We’ve received a handful of questions regarding the “Reach for the Moon” t-shirt designed by actress Jennifer Aniston and where it can be purchased. The tee is available on www.fordcares.com and ties into the Lifetime movie “Five”, a handful of stories (five, to be exact) that focus on breast cancer and the way it affects lives. Aniston not only donated a t-shirt design to the cause but directed one of the movie’s short stories. She’s joined in that task by fellow celebs Alicia Keys, Demi Moore, Independent Spirit Award winner Patty Jenkins (“Monster”) and Penelope Spheeris (“Wayne’s World”). Given that October is Breast Cancer Awareness Month, here’s a smattering of facts that may open your eyes to the magnitude of the problem. You’ll also find links to watch “Five” as well as shop www.warriorsinpink.com (proceeds fund breast cancer research). Here goes:
Breast cancer in women in 2011:
• About 1 in 8 women in the U.S. will develop invasive breast cancer over the course of her lifetime.
• It’s estimated there will be 230,480 new cases of invasive breast cancer
• It’s estimated there will be 57,650 new cases of in situ breast cancer (includes ductal carcinoma in situ (DCIS) and lobular carcinoma in situ (LCIS), of those, about 85 percent were DCIS). DCIS is a non-invasive breast cancer and LCIS is a risk factor that increases the risk of invasive breast cancer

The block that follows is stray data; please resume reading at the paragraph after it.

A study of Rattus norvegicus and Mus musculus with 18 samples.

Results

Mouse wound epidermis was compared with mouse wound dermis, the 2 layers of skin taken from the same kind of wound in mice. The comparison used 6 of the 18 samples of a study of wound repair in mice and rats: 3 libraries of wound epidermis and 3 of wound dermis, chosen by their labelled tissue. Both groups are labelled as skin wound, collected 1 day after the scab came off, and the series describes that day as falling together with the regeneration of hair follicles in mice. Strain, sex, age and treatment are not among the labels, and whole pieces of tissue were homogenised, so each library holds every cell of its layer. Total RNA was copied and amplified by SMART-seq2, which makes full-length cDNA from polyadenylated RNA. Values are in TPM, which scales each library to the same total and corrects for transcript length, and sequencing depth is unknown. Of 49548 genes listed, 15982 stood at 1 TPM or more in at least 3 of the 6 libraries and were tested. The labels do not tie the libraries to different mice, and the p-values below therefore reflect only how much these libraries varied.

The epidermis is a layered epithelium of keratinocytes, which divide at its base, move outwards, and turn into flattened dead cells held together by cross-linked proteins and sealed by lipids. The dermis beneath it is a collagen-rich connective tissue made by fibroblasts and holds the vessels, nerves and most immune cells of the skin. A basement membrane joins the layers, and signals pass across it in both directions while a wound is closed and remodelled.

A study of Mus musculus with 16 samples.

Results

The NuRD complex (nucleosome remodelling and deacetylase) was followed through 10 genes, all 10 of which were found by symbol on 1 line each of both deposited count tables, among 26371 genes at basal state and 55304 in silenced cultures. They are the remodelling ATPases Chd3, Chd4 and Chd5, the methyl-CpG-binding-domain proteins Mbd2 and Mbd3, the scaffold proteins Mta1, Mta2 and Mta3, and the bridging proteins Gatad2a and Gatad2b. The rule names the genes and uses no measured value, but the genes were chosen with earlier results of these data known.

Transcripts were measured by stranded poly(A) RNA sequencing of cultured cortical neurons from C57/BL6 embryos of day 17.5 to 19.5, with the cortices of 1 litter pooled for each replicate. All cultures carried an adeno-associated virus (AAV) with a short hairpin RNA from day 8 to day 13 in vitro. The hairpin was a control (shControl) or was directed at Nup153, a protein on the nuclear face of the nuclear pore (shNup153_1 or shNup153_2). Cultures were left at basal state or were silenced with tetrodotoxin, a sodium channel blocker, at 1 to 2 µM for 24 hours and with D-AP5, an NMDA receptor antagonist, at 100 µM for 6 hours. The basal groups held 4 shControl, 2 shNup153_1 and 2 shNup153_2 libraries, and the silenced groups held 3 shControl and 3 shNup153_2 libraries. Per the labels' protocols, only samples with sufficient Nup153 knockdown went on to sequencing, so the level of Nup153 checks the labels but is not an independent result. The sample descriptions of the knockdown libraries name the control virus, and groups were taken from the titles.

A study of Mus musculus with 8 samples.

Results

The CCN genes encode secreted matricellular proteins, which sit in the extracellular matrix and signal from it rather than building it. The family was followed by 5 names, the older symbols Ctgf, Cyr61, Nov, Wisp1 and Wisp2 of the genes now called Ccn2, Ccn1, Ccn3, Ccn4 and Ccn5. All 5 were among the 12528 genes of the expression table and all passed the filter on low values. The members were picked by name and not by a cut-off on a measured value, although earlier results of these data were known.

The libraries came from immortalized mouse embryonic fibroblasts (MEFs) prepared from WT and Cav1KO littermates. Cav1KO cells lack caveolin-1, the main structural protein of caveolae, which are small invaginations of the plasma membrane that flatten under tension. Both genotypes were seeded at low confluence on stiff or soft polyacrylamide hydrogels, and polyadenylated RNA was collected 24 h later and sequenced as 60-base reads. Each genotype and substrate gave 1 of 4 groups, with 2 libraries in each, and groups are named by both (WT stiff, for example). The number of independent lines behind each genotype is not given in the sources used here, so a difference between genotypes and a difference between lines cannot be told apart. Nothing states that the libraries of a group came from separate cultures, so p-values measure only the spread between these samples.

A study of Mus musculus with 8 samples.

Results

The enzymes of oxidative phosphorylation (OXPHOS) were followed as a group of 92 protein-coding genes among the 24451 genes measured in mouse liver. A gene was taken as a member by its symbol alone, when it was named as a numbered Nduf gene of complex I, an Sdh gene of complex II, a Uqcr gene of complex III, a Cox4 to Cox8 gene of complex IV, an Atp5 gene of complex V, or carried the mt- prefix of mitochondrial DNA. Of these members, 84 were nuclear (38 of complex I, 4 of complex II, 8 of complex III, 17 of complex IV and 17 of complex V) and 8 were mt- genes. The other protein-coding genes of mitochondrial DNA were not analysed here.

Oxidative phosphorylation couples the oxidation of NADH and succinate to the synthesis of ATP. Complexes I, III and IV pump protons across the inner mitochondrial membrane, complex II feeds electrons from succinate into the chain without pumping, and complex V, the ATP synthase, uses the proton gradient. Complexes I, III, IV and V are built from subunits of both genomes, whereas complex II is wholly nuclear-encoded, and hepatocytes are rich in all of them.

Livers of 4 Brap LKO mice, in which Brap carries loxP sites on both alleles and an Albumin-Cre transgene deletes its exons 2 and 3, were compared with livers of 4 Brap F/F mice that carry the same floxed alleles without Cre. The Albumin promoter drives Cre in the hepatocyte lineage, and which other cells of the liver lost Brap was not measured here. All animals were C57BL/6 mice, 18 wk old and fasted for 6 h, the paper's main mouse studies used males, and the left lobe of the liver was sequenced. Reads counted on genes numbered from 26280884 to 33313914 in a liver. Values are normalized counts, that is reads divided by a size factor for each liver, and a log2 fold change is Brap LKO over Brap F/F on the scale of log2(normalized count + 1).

• It’s estimated there will be 39,520 breast cancer deaths
Breast cancer in men in 2011
• It’s estimated there will be 2,140 new cases of breast cancer
• It’s estimated there will be 450 breast cancer deaths
• From 1998 to 2007, breast cancer incidence rates in the U.S. decreased by about 2% per year. One theory is that this decrease was partially due to the reduced use of hormone replacement therapy (HRT) by women after the results of a large study called the Women’s Health Initiative were published in 2002. These results suggested a connection between HRT and increased breast cancer risk.
• For women in the U.S., breast cancer death rates are higher than those for any other cancer, besides lung cancer.
• Besides skin cancer, breast cancer is the most commonly diagnosed cancer among U.S. women. More than 1 in 4 cancers in women are breast cancer.
• Compared to African American women, white women are slightly more likely to develop breast cancer, but less likely to die of it.
• There are more than 2.9 million breast cancer survivors in the U.S.
• A woman’s risk of breast cancer approximately doubles if she has a first-degree relative (mother, sister, daughter) who has been diagnosed with breast cancer. About 20-30% of women diagnosed with breast cancer have a family history of breast cancer.
• About 5-10% of breast cancers can be linked to gene mutations (abnormal changes) inherited from one’s mother or father.
• About 70-80% of breast cancers occur in women who have no family history of breast cancer. These occur due to genetic abnormalities that happen as a result of the aging process and life in general, rather than inherited mutations.
• The most significant risk factors for breast cancer are gender (being a woman) and age (growing older).